Bertha gets new water tower
Construction finished Wednesday on an all-new water tower for the city of Bertha, said Joeb Oyster, project engineer for Moore Engineering, the firm that designed the new structure. With a price tag of nearly $400,000, the new tower is part of an approximately $8 million public works overhaul of the city, which city officials said is mostly funded by grant money.
Oyster said the previous tower was constructed in 1929, and although portions had been renovated or replaced since then, the tower did not comply with OSHA regulations and had a number of leaking problems.
Oyster also said work began at the construction site Sept 29. but the new tower will not be completely operational until late spring/early summer of next year, after crews have had the chance to install the electrical system and coat the entire tower with a protective primer.
The new tower is only about 30 feet higher than the old one, but the added height combined with a more fully functional tank will mean increased water pressure for Bertha residents, Oyster said.
"If there's a fire in town, it will give a lot of the people higher pressure," he said.
Bertha Public Works Manager Adam Templin added better water quality to the list of improvements coming with the tower. He said the city will now use new treatment chemicals and other purifying methods to help ensure the Bertha water supply is clean. People in Bertha can expect those benefits to stick around awhile. Templin said the new tower had a projected lifespan of about 50 years.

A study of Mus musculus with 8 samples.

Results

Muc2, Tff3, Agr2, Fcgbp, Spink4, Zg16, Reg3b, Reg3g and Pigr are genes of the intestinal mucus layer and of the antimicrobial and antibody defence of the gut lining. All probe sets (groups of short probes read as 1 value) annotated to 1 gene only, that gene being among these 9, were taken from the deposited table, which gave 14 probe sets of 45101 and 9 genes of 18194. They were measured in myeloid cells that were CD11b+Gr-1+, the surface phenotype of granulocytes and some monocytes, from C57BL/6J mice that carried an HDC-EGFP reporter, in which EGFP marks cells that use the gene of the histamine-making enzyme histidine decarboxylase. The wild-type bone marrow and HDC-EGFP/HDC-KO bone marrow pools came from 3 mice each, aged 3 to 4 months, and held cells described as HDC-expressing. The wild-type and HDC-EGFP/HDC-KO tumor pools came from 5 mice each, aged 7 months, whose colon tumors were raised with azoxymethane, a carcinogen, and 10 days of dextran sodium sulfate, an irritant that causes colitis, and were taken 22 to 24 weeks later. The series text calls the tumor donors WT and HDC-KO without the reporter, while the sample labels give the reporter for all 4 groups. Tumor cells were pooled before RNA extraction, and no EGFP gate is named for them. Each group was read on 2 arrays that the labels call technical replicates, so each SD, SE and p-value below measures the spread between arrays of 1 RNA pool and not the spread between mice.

"With proper maintenance, it'll last even longer than that," he said.
Bertha Mayor Dean Klebs said the crane used by construction firm Maguire Iron to build the new tower weighed 350 tons and helped make the tower's construction a marvel to behold.
"The average person has never seen anything like this up close," he said.
Klebs said although the city has chosen the basic colors of the new water tower, he doubts they will be able to afford a special logo to be painted on it, as several citizens have suggested.
"We are, at this point, within our budget on the whole project, but I don't want to spend money if we don't need to," he said.
Klebs said he would present the idea of a logo to the city council at an open meeting, but predicted council members will choose not to spend the extra money a logo would require.
"I would say as of right now it probably isn't going to happen unless somebody comes forward with a lot of money," he said.